It’s funny how things that were originally just household reliables, used every day without a second thought, can turn into art. That’s what happened with boro, which is an art born from poverty, as Japanese families patched and mended their textiles so as to keep on using them as long as possible. And then times changed and those patched and faded blankets and clothes ended up hanging on the walls at Somerset House. Life is strange.
These patchwork pieces have never been whole cloth. They were made by poor people in the north east of Japan, who made their fabrics with hemp and couldn’t afford the luxury of cotton which had become the fabric of choice in the more prosperous south. When southerners’ cotton garments wore out, merchants bought them and took them north to sell, where people made the pieces into layered garments and futon covers.
The fabrics in the exhibition date mainly from the Meiji period in the late nineteenth century, though the history of boro goes back to the early part of the Edo period, in the seventeenth century. They date from a time when ordinary Japanese people were not permitted to dye their clothes any colour except black, blue, grey or brown. Families passed them down the generations and repeatedly patched them, giving them their current appearance.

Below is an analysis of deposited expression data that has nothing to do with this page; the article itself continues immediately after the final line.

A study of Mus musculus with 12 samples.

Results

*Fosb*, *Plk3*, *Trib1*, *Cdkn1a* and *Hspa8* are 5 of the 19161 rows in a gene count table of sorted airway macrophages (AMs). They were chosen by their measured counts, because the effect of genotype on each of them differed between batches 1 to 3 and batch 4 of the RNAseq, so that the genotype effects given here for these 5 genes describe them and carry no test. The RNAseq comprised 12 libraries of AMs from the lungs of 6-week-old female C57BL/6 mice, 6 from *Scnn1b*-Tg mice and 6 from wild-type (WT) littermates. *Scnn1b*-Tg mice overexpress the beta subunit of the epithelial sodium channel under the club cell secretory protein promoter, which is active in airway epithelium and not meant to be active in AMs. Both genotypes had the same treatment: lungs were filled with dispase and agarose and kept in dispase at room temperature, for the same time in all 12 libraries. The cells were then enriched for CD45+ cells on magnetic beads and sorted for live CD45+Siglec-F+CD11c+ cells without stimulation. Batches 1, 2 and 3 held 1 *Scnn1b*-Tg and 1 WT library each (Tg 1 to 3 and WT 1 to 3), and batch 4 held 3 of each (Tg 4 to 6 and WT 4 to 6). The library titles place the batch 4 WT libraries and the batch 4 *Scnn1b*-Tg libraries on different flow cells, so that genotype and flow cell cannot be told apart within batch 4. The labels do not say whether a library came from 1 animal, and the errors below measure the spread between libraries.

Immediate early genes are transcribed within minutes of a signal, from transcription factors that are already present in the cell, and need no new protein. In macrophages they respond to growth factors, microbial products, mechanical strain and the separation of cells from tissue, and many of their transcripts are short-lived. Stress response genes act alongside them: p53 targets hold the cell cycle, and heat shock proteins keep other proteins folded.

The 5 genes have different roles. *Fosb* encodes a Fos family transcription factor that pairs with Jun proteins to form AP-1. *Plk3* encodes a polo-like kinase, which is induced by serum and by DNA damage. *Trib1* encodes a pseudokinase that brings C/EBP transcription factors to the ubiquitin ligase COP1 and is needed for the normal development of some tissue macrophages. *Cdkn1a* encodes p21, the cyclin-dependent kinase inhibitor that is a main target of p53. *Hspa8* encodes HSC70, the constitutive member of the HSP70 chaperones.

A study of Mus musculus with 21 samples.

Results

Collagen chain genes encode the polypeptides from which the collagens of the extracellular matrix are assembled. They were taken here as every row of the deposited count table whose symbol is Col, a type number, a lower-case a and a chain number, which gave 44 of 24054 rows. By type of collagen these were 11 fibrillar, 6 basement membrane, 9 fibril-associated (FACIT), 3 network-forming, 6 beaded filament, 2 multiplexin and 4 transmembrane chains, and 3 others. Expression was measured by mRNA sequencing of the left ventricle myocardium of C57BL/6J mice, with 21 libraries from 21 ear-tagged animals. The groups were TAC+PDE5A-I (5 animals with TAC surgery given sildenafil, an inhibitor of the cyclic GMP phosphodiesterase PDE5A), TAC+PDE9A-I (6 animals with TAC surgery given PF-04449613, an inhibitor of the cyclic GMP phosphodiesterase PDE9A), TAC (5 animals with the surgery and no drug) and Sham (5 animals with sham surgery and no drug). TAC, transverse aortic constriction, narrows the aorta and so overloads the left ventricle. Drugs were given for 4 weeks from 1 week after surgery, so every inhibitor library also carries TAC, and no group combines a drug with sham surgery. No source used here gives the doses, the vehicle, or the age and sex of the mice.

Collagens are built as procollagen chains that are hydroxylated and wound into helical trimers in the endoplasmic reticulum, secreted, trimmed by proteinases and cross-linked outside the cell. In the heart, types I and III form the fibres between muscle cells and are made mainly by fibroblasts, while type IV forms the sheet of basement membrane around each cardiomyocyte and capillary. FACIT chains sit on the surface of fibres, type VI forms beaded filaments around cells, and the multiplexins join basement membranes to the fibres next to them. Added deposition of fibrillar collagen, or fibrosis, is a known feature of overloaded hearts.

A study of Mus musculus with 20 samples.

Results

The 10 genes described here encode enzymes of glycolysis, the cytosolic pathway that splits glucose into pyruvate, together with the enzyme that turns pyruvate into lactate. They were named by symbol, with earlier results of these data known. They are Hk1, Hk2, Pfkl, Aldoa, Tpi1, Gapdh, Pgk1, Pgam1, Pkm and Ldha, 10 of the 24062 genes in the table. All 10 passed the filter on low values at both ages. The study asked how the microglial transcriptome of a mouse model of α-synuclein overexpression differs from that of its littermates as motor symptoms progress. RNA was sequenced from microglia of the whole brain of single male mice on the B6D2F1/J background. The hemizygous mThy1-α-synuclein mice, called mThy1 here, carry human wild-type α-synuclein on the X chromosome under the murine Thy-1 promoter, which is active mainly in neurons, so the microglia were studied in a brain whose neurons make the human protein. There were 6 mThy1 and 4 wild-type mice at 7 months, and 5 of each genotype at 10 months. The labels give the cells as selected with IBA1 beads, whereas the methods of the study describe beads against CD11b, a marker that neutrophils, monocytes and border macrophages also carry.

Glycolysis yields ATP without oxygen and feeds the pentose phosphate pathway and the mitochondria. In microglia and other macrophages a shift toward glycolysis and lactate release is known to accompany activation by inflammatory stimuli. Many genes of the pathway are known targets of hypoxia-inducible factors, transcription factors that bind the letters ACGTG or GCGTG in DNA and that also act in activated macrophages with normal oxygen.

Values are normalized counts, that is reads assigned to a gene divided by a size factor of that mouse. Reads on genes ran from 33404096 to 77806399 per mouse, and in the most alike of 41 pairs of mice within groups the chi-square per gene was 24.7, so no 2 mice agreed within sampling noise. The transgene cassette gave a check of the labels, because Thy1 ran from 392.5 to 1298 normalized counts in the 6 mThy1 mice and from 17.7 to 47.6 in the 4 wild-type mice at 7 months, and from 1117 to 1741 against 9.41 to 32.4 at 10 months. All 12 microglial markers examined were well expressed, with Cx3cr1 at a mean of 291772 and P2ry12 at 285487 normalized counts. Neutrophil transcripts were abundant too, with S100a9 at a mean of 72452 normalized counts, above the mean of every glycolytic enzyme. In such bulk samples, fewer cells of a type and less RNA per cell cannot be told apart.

The works that we saw had mainly been stretched on canvas which enhanced the sensation of seeing an exhibition of abstract art, an impression the curators encourage, with explanatory texts linking boro to the work of western abstract textile artists like Alberto Burri and Antoni Tapies.
But I was more taken with the very few works which are still recognisable as garments or as useable fabrics – they seemed to have more of the weight of history about them.
It’s when you get close up to the works and get a sense of their texture that they come into their own as works of art.
I wish there had been more information about the source of the fabrics and the kind of families and lives that lay behind them. We were told that the people who sold them were ashamed of the poverty of their families’ past, which these fabrics represented, and didn’t want to be associated with it. But on the other hand, they had carefully preserved them, and they fit so well with the concept of wabi-sabi – products of poverty which have acquired the patina of age – that I’m surprised they were not more valued and celebrated.
At any rate, they are celebrated now. The exhibition is in the East Wing at Somerset House and continues until 26th April. Entry is free.